EU regulators could freeze data transfers with US


{mosads}EU data protection authorities have been deciding how to regulate transatlantic data transfers since the European Court of Justice last year struck down a Safe Harbor agreement, citing U.S. surveillance concerns.

The ruling left the 4,400 companies — from travel firms to social media — that relied on Safe Harbor to handle European citizens’ data scrambling for legal alternatives that many say are cumbersome and expensive.

Two of the most likely options, having companies set up corporate rules or contractual clauses that specify how to handle the data, are now in jeopardy. Even those firms that already have those legal mechanisms approved by regulators could be affected by a privacy complaint, sources said.  

Not all of the data protection authorities are in favor of restricting transfers.

Since the decision, critics have warned that some data protection authorities are stricter than others and that the high court’s ruling could create a patchwork of enforcement from country to country.

Germany’s data protection authority announced in October that despite the working group’s assurance, it would be proactively investigating data transfers to the U.S., beginning with Google and Facebook.

A spokeswoman for the French data protection authority, which leads the working group of regulators, told Reuters that a final decision will not be made until Feb. 2.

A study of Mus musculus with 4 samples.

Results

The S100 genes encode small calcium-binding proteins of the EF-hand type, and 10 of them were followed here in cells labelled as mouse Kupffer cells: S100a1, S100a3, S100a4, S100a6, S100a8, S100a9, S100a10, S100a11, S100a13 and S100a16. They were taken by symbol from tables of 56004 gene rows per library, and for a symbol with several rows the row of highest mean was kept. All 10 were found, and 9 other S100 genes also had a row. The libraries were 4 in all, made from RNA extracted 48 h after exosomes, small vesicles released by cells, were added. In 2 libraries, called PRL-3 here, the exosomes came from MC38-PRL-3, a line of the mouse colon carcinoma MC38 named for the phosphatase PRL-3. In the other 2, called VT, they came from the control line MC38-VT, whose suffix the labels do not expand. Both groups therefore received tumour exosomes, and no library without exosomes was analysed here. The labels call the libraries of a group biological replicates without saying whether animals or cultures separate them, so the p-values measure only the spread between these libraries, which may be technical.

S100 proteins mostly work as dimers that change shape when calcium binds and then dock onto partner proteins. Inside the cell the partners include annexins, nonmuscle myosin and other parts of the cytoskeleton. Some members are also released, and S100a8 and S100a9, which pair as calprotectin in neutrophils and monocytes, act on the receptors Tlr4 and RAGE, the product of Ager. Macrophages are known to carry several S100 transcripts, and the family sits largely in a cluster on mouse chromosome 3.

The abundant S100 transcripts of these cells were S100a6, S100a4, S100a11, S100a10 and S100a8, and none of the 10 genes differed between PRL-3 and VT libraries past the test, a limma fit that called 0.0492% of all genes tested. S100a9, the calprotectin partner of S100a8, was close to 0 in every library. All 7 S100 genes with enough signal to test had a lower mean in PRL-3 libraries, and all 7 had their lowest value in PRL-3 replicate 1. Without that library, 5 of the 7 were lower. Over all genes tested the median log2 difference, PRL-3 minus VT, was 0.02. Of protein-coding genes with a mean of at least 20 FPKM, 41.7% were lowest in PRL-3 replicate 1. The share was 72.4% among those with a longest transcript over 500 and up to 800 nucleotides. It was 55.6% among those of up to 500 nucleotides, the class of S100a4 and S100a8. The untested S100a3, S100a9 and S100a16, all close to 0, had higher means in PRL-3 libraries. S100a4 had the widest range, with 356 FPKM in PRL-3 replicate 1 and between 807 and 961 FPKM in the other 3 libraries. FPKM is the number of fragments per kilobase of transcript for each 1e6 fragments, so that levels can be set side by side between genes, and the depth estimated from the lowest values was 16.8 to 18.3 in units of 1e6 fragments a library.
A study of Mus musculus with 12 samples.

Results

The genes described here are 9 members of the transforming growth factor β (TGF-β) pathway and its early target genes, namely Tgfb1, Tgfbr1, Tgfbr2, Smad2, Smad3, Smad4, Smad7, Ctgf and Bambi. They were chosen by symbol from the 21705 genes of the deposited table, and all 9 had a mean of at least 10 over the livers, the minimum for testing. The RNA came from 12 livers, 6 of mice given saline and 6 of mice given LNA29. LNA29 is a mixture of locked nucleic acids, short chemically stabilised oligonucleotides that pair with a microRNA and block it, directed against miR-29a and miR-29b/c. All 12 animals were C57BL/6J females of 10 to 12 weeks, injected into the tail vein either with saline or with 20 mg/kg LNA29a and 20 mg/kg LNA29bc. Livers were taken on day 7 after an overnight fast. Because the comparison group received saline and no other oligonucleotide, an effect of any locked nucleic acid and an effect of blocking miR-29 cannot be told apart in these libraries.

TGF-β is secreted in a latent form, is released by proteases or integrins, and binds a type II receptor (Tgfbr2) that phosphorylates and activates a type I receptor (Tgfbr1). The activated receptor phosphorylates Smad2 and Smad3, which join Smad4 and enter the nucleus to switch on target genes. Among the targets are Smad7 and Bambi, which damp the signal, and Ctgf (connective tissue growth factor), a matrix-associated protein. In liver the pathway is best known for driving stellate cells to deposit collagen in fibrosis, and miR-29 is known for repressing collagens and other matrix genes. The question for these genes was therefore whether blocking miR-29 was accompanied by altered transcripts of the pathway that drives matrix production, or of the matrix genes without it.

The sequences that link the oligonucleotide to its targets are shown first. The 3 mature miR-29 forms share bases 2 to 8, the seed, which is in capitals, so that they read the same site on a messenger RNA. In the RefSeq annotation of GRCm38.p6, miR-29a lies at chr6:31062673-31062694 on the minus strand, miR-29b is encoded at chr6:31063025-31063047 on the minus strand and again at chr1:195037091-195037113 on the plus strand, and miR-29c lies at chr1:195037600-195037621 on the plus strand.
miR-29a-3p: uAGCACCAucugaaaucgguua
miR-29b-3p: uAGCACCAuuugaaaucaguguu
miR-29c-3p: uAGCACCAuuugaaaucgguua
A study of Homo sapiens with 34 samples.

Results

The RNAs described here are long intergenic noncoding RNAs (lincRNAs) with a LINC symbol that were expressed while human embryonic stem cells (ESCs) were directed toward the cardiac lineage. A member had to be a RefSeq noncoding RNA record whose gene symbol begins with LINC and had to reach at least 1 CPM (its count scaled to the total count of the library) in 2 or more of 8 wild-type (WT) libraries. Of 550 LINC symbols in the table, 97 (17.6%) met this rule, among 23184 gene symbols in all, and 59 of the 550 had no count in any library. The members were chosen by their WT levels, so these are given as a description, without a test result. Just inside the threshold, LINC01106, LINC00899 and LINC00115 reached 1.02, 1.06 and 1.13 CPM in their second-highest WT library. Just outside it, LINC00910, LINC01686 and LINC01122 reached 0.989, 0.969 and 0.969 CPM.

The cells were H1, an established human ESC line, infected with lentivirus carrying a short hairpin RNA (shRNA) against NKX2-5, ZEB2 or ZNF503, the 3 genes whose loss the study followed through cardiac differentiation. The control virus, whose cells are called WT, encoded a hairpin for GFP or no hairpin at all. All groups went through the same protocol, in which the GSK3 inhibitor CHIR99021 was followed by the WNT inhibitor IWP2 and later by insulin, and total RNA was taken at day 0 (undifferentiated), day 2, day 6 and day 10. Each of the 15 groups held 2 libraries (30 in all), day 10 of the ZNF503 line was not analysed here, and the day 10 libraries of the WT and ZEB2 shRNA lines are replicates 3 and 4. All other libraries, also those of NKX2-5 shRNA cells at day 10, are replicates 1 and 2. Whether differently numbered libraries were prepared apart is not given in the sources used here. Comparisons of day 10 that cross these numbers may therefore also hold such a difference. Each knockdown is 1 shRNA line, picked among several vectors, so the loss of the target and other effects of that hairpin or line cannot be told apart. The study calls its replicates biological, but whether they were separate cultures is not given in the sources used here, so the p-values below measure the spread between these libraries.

U.S. and EU negotiators have a Jan. 31 deadline to strike a deal on a strengthened Safe Harbor framework that addressed some of the snooping concerns.

Although officials insist they are close on a deal, nothing has been finalized yet.

If negotiators do manage to reach a deal by the deadline, a source told Reuters, it could impact the privacy regulators’ final decision.

“That will change the whole game,” one of the sources said, “and could stop the data protection authorities from taking action.”

Some have expressed concerns that the new agreement will likely be struck down by privacy regulators as summarily as the original pact.

“I think you will almost immediately see European data protection agencies attack the revised agreement,” said Marc Rotenberg, president of the digital rights advocate Electronic Privacy Information Center, at a recent hearing held by two subcommittees of the House Energy and Commerce Committee.